Monday, September 24, 2012

The Derryization of Lesley

It has been just over a year and a half since I packed up my life and flew across the pond and set up shop in Derry, Ireland.  A lot has happened in that year and a half, including the newest addition...our part Irish, part American daughter.  And, she's actually one of the few Americans that can ACTUALLY say, "My daddy was Irish."  Because, let's face it...anytime Barry tells someone from America he's from Ireland...100% of the time that person has some relation that "was Irish."

Isla flying her flags.  Hey...that's as good as they are gonna look with my computer free-hand paintbrush skilz!

So, anyway.  I realized yesterday that one of the most prominent differences between myself now and and myself a year and a half ago other than my daughter, is that I have acclimatized, so to speak to life here.  And here's how:

  • I no longer think about Taco Bell and the lack thereof of Taco Bell here all the time.  Don't get me wrong, I'd still and I will still eat the hell out of it when I get to America, but I don't cry about it as much.  I never literally cried about it, but I did whine a lot!
  • I'm slowly starting to take tea more than coffee.  Although, I still love coffee, particularly coffee of the Starbucks persuasion, but I do enjoy hot tea now, too.  I still miss my Iced Tea, though and homemade Iced Tea never tastes as good as the delicious cool, beverage that is delivered to your table at a restaurant.
  • I want and actually crave coleslaw on sandwiches!  When I first moved here, I thought it was incredibly odd to put coleslaw on sandwiches, but now...I like it!  The only think we put 'slaw ('cause we say it 'slaw in West Virginia) on in West Virginia is a hot dog or pulled pork sandwich or something.  Now, I still absolutely WILL NOT put butter on my sandwich...unless it's a grilled sandwich or something.  That to me is still odd, but hey you never know.
A West Virginia hot dog with chili and slaw.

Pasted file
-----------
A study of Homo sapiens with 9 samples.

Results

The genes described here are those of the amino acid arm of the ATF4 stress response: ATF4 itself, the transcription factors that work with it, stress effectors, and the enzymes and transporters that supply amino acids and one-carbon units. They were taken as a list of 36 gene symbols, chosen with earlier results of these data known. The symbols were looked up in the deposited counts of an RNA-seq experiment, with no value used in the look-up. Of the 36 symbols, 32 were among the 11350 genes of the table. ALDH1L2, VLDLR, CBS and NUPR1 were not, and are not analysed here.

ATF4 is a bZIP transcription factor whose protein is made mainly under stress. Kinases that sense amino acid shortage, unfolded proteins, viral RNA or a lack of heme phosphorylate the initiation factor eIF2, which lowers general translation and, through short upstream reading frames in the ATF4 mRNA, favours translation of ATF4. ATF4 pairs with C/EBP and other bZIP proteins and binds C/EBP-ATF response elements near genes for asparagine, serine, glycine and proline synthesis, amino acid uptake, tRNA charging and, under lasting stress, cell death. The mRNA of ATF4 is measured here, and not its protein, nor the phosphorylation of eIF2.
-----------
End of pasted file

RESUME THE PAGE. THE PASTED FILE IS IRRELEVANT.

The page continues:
• When I first moved here, I noticed a very distinct difference in the chocolate here.  The chocolate is milkier here than America.  But now, I eat it and I couldn't tell you what is different about it.  It tastes normal to me.  Too normal, in fact, says the Crunchie bar stash upstairs in the bedroom so Barry won't see me eating them.

  • I now say "Aye" all the time.  I used to make a very strong effort to never say it in public because coming from an American mouth...well, it sounds out of place.  But now, I don't care.  I say it to whoever and to be honest, no one has ever remarked about it.  I even say some "Derry" things without thinking now.  For example, I say "ano" all the time.  Quick translation...this means "I know."
  • I forget that I have an accent here.  I honestly don't here a Derry accent anymore I hear it so much.  In fact, I forget that I DON'T sound like people here until someone asks me where I'm from and then I remember that I am a foreigner here.  But, honestly, I don't get that "where are you from" question that much anymore.  
  • And, I have people here now!  Like, my own group of people, that I met on my own and not through Barry.  People that I can "hang" with and call on for help if I so need it! 

1 comment:

  1. My mom is from England and while her accent has thinned over the past 30 years in the US she still has it a bit. But like you, it doesn't register to me as being an accent, it's just her voice. Then one of my friends will meet her and will be all "you didn't even tell me your mom's English." Sometimes I forget.